Alex J. Bellamy & Edward C. Luck
Following more than a decade of decline, the incidence of atrocity crimes is again rising. The tide of forcibly displaced populations is at the highest level since the end of the Second World War. We need to do far better at preventing such horrific crimes and at protecting vulnerable populations. That is the purpose of the Responsibility to Protect (R2P), a set of rules and principles that has advanced far more rapidly in debating halls than in national and international policies and actions. This book is about how to turn the promise of R2P into practice.
As scholars and practitioners, however, we felt that something was missing, that the literature has been incomplete. While the scholarly and analytical work on R2P as a normative innovation and political enterprise has been truly impressive, there has been far less attention to what R2P looks like in practice. Following a decade of normative development and maturation, R2P principles have now been tested in practice for a decade as well. The principles have reached a settled state, but their practice is still far down the learning curve. We believe, nevertheless, that there is now enough of a track record to begin to offer some rough assessments of what is or is not working. Here are some of our key points.
One. The development of R2P needs to be understood in its historical context. In these trying times, all human rights and human protection norms are under siege from a volatile mix of cultural and geopolitical forces. This is a compelling reason to dig deeper and do better, not to retreat into despair or defeatism in the face of adversity.
Two. As norms are challenged and the ranks of the vulnerable grow, there is a renewed urgency to make R2P principles a living reality.
Three. This transition to implementation demands a broader understanding of the core concept of responsibility, so that it encompasses individual and group responsibility as well as institutional, national, and international responsibility. None of the latter will assume their responsibilities unless individuals—inside and outside—make them.
Four. A decade of applying R2P to crisis situations has underscored that the key to curbing atrocities is making it a policy priority. When it comes to atrocity prevention and response, trying to make a difference usually does make a difference.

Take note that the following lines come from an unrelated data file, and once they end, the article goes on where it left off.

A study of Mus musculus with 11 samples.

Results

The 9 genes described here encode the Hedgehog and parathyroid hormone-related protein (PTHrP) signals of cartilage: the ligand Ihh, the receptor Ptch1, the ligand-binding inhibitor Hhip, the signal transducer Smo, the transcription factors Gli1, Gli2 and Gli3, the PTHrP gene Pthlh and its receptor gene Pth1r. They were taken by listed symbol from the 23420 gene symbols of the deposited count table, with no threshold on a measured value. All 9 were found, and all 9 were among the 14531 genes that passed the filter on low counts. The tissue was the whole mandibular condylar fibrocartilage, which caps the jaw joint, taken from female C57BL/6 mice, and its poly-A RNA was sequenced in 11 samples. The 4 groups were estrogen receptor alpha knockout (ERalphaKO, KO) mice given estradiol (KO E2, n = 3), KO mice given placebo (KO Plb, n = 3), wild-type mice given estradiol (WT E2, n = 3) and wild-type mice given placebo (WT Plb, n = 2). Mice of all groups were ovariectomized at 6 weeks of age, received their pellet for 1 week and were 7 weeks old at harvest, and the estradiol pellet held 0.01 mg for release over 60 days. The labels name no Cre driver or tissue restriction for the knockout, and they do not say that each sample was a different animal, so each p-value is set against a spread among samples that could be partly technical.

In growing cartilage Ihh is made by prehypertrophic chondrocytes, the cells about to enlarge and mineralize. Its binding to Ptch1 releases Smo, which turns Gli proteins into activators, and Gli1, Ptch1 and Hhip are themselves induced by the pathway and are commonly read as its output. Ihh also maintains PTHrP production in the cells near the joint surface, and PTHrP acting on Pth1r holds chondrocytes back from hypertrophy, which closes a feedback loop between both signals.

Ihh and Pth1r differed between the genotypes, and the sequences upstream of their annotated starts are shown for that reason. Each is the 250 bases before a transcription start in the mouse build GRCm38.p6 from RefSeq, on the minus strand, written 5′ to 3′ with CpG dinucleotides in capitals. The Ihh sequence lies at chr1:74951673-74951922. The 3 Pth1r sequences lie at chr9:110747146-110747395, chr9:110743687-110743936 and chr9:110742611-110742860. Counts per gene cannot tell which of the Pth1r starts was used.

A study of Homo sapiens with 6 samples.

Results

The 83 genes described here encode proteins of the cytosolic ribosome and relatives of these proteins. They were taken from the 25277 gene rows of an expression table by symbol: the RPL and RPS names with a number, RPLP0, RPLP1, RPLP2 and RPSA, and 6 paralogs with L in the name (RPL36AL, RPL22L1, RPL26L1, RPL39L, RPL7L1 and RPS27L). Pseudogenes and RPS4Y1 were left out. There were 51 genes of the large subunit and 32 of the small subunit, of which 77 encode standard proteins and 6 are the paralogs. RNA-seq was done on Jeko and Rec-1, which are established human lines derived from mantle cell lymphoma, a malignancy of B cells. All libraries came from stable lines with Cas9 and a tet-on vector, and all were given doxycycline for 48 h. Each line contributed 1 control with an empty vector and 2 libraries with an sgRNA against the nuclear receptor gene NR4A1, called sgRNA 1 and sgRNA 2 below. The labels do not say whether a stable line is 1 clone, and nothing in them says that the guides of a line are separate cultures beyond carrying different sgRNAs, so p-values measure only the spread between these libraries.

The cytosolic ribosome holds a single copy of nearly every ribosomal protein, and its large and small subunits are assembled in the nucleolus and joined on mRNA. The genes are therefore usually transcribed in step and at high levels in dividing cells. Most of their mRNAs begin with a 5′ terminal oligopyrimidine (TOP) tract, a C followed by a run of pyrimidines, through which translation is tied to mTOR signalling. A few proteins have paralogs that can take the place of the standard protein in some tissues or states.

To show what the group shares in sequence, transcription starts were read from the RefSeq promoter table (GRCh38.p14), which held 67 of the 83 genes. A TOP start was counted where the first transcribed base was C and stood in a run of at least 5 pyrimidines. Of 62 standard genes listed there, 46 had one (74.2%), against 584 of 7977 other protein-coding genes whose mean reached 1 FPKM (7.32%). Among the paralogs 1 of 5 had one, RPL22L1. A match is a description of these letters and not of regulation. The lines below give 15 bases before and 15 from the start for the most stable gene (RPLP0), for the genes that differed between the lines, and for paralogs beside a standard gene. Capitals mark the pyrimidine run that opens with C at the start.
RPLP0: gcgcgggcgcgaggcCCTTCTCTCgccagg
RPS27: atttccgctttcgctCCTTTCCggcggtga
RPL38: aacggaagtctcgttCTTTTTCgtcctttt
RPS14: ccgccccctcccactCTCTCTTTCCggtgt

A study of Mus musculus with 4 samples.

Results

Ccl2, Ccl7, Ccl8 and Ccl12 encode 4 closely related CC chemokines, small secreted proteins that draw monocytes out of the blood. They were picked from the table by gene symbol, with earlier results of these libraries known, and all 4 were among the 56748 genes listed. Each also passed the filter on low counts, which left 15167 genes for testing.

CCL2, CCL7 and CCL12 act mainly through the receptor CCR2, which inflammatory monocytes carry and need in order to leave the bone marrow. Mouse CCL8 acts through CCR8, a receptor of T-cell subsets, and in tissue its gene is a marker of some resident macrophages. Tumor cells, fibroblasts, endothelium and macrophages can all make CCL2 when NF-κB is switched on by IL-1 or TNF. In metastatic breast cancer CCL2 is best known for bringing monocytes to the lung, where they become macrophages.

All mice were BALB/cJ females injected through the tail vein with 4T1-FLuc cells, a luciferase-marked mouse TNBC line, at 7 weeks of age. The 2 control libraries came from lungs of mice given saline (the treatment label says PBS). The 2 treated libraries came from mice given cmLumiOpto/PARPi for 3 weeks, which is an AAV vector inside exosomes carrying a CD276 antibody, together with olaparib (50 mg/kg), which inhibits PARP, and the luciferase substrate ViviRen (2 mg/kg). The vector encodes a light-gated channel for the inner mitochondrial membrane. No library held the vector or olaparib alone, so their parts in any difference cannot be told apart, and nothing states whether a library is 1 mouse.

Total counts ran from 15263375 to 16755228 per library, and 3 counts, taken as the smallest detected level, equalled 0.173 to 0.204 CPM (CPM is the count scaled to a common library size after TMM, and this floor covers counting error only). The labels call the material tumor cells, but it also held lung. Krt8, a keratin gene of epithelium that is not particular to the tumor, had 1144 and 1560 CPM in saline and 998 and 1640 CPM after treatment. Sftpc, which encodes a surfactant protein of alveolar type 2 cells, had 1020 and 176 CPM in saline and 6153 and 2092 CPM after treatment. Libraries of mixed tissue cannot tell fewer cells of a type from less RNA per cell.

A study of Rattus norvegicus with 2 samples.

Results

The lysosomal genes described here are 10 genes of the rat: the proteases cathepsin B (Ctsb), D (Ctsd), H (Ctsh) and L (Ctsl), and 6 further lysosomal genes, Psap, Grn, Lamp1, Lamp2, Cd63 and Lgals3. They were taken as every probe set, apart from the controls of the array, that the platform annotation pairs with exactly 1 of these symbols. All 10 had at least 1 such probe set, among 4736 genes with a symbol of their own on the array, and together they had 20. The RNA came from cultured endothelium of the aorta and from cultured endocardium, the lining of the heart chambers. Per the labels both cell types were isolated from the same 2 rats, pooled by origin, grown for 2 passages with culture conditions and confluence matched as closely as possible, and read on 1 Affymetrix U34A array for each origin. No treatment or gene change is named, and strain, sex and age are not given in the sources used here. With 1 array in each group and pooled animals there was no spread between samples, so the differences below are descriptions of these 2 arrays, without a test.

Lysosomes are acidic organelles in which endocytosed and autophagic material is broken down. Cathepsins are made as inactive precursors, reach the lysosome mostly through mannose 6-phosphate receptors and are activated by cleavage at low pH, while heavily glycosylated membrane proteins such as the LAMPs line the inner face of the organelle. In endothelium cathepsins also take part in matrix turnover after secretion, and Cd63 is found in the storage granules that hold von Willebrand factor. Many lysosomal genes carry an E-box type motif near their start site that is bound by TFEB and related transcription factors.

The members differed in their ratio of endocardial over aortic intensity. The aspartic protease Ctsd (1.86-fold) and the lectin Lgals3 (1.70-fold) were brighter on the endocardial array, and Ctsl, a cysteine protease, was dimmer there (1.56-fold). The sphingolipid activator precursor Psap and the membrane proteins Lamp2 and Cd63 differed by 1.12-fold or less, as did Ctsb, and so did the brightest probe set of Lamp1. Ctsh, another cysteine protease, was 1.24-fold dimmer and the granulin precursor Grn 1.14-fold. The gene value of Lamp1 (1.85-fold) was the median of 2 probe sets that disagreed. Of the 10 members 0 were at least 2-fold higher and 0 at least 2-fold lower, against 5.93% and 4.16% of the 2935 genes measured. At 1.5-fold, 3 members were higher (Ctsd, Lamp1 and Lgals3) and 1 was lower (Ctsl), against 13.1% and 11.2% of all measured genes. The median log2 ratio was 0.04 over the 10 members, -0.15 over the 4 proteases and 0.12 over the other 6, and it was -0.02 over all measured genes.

Five. Practice has also made it abundantly clear that R2P is not—and should not be—the only priority. It must find its place at the table and in the mix of other legitimate concerns of public policy.
Six. Though the toughest normative battles have been fought and won, R2P’s development as an international standard has not reached a fully mature stage. Its acceptance could be both broader and deeper.
Seven. The strategic and doctrinal development of R2P has been asymmetrical, with conceptual advances made within the United Nations unevenly reflected in national capitals and regional and sub-regional organizations.
Eight. Experience has demonstrated that the most persistent obstacle to R2P implementation has come from concerns about decision-making sovereignty, not territorial sovereignty. Future debates should be more concerned with competing conceptions of national interest and international responsibilities both within countries under stress and within other countries with the capacity to do more to make a difference when it comes to prevention and protection.
History tells us that the journey from principle to practice is never quick or sure. It demands persistence as much as intellect, learning from mistakes as well as from successes, and never forgetting where we are going or why we undertook the journey in the first place. Stepping aside, giving up, looking for easier paths is not an option. Curbing atrocities is as difficult as it is compelling. But experience also shows that it can be done. Those are the core lessons from R2P’s early years. They offer the promise of stronger institutions, deeper commitments, and better policy in the years ahead. R2P is just getting started.